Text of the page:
Energy Savings Update - March Edition

As far as energy savings goes, this is a big milestone in Lowerfootprint's journey! I received my electricity bill for mid-January through mid-March, arguably the worst part of the heating season and historically my biggest bills of the year. At the last bill and subsequent update, the window and insulation upgrades to the house were just about complete, thus this is the first bill that reflects the entire project's impact on our heating costs.

Needless to say, I'm not at all disappointed. Energy usage for the period was down 28.1% over the same period last year, which over two months of heating is roughly $300. So, how did that happen?

First, the windows and insulation greatly improved the house's ability to hold heat once it was generated. This is clearly a more bang for you buck situation. The longer the heat lasts, the less often the electric radiators come on. Obvious enough.

Second, with all of the programmable thermostats installed, every room was only heating when necessary, instead of an all or nothing situation. The house was more comfortable, bathrooms were warm in the morning, and so on.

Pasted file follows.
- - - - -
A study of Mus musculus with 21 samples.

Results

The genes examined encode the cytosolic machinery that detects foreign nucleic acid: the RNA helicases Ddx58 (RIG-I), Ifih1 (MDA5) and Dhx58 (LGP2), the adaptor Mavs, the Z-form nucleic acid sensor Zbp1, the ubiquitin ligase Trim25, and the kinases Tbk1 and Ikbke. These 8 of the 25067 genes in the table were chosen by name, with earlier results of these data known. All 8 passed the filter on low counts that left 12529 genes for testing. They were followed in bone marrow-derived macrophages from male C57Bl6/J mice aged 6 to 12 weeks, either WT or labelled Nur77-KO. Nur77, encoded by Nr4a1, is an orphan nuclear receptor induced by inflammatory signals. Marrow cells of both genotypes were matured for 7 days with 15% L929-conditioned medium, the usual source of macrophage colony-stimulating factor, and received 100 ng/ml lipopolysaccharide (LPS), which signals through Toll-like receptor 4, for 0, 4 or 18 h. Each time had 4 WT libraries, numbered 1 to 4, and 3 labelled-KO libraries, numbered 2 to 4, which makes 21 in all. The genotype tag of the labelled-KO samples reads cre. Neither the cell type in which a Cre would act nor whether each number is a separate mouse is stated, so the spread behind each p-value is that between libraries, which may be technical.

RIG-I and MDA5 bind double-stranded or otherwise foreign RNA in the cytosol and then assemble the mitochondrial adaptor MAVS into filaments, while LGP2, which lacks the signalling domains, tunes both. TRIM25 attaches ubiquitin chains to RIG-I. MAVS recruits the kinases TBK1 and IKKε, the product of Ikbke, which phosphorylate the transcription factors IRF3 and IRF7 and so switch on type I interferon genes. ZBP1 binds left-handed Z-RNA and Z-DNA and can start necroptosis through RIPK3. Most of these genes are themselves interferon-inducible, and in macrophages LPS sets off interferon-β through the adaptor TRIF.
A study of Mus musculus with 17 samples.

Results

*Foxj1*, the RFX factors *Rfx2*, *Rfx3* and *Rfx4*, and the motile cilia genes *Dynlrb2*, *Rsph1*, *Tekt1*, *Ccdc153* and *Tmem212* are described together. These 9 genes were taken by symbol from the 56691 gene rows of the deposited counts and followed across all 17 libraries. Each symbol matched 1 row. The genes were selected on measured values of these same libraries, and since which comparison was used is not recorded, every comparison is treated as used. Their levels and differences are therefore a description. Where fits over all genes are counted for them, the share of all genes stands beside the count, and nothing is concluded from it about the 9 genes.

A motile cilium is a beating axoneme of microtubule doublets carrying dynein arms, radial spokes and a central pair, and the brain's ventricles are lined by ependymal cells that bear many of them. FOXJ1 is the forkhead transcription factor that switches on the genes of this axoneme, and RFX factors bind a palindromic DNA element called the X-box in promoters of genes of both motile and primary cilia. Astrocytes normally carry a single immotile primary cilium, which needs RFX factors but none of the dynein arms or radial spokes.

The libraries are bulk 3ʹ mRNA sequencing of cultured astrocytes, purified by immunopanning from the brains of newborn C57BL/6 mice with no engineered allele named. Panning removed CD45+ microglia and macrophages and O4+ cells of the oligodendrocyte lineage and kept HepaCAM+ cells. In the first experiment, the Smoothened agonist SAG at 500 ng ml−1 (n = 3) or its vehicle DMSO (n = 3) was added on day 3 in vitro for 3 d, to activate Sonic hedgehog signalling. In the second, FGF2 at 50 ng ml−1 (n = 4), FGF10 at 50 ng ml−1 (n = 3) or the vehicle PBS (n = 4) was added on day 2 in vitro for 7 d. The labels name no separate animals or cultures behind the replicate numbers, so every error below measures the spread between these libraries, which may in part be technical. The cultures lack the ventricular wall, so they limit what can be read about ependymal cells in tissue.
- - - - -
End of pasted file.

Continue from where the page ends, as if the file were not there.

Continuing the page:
Third, we used up about half a cord of wood during January and February. This cleaner, efficient and sustainable heat source did a lot of our space heating and kept the house at a comfortable level while also drying the air and making the house feel warmer.

Fourth, the pop can solar furnace has been working hard over the last two weeks of the billing period. With cool temperatures but lots of sunshine, the solarium has been reaching into the 30C range (yesterday it hit 38C!) and that completely free heat drove the average temperature in the main areas of the house up by about 3C in the early evening when we get home from work.

Finally, by all accounts it was a very mild and reasonable winter. An early thaw did a lot to offset the need for a lot of additional heat. I think it's time to re-program the thermostats for summer mode. Between the longer days and the warmer outdoors temperatures, I think it's safe to rely on the pop can solar furnaces for the rest of our heating needs... with some chopped wood in reserve in case it's cloudy for an extended period.